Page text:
Borders, Boats and Barricades: The Politics of International Migration
La Trobe University
Area of Study
Anthropology, Development Studies, Government, Justice Studies, Political Science, Public Policy Studies
Taught In English
15 credit points of any first year Politics subject and 15 credit points of any Humanities and Social Sciences subject, or subject coordinator's approval
Course Level Recommendations
ISA offers course level recommendations in an effort to facilitate the determination of course levels by credential evaluators.We advice each institution to have their own credentials evaluator make the final decision regrading course levels.
Recommended U.S. Semester Credits3 - 4
Recommended U.S. Quarter Units4 - 6
Hours & Credits
OverviewThis subject is about the politics of global population movements. The course will cover international migration trends and the theoretical models that help us understand the factors motivating the movements of people since WWII. It will also look at how governments respond. Some migrants are welcome. Others are not. Why? How do governments distinguish? What services do they provide? How do they integrate, or not, the migrants into the host society? How do they sell their migration policies to their citizens? We will also consider the effects different government policies have upon the lives of those who move, whether legally or illegally, permanently or temporarily. Australian and international case studies are used to assess how migrants, migration policies and societies are faring in local and comparative contexts.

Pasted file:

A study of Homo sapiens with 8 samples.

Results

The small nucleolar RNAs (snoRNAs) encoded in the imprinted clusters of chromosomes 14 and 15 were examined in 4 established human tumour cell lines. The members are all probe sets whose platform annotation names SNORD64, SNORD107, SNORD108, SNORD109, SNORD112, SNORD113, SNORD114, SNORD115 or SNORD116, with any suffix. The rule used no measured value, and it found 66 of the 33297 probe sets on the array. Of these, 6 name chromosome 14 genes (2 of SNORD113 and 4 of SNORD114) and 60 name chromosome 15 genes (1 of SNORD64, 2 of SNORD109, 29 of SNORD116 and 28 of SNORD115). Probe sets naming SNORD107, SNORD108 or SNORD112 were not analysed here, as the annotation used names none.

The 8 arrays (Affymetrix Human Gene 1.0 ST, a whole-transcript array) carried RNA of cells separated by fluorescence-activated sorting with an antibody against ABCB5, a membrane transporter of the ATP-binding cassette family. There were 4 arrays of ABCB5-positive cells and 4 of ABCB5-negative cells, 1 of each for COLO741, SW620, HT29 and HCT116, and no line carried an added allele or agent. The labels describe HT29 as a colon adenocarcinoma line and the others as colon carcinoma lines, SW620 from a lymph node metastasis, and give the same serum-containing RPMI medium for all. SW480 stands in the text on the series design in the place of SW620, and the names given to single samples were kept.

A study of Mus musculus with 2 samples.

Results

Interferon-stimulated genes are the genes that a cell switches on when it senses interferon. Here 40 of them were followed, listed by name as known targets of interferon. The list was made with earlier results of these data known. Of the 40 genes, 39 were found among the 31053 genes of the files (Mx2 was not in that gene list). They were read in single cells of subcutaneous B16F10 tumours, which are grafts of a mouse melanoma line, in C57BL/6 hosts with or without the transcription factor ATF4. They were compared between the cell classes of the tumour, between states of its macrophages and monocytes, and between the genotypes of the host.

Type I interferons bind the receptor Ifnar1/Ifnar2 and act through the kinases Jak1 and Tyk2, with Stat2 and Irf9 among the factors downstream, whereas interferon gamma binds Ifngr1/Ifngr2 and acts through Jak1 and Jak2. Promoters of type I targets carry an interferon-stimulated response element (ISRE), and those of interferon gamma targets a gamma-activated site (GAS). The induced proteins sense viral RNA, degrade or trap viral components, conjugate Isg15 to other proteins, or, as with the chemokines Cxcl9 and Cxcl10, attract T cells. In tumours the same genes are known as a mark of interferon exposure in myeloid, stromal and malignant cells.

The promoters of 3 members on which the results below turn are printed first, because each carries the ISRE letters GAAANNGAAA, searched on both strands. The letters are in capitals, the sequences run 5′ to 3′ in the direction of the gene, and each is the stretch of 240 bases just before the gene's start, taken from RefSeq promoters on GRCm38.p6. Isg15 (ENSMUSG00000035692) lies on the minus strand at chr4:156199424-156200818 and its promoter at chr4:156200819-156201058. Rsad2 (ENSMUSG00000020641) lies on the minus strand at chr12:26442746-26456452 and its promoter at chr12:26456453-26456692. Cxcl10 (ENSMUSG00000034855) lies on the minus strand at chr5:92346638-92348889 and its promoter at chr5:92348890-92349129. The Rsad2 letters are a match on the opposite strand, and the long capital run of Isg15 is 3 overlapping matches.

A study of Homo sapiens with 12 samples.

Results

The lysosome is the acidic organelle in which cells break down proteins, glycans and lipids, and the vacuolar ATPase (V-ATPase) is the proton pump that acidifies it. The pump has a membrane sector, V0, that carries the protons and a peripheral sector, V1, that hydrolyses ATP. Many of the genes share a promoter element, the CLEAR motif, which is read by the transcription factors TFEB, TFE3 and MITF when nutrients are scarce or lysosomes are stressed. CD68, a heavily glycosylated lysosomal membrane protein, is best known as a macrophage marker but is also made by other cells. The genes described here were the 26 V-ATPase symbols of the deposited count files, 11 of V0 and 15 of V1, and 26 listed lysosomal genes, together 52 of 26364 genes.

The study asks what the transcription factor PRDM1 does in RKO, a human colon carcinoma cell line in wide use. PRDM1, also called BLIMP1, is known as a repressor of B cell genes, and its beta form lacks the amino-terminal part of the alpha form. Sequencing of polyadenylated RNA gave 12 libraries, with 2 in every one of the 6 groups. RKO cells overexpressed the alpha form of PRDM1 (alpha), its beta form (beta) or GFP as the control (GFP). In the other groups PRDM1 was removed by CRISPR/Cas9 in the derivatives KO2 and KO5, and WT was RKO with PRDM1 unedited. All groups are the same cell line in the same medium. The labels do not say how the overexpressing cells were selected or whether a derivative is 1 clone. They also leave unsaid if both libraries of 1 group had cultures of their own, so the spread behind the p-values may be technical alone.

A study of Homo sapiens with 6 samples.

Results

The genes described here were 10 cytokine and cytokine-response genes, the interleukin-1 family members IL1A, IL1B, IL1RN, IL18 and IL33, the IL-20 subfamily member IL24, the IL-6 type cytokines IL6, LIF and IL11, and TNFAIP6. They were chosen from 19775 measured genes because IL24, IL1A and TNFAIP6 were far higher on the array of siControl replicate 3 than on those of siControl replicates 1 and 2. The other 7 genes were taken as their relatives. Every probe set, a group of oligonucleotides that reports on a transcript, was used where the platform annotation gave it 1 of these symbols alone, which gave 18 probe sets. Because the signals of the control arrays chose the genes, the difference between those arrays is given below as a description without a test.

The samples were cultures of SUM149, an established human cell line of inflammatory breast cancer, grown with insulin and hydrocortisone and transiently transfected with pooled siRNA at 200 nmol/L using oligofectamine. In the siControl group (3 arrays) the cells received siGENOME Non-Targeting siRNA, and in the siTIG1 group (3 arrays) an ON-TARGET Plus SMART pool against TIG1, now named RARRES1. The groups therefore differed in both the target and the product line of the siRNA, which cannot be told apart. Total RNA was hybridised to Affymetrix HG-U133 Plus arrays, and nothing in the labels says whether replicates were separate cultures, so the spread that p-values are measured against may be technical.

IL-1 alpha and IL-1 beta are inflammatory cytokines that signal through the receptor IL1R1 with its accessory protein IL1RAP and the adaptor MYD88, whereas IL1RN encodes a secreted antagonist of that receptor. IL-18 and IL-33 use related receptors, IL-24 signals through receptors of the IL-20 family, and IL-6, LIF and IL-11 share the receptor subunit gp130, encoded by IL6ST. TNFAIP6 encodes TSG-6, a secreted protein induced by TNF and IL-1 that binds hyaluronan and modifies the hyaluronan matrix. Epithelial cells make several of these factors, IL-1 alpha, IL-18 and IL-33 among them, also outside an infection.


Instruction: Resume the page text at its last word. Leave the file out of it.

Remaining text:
Courses and course hours of instruction are subject to change.
Credits earned vary according to the policies of the students' home institutions. According to ISA policy and possible visa requirements, students must maintain full-time enrollment status, as determined by their home institutions, for the duration of the program.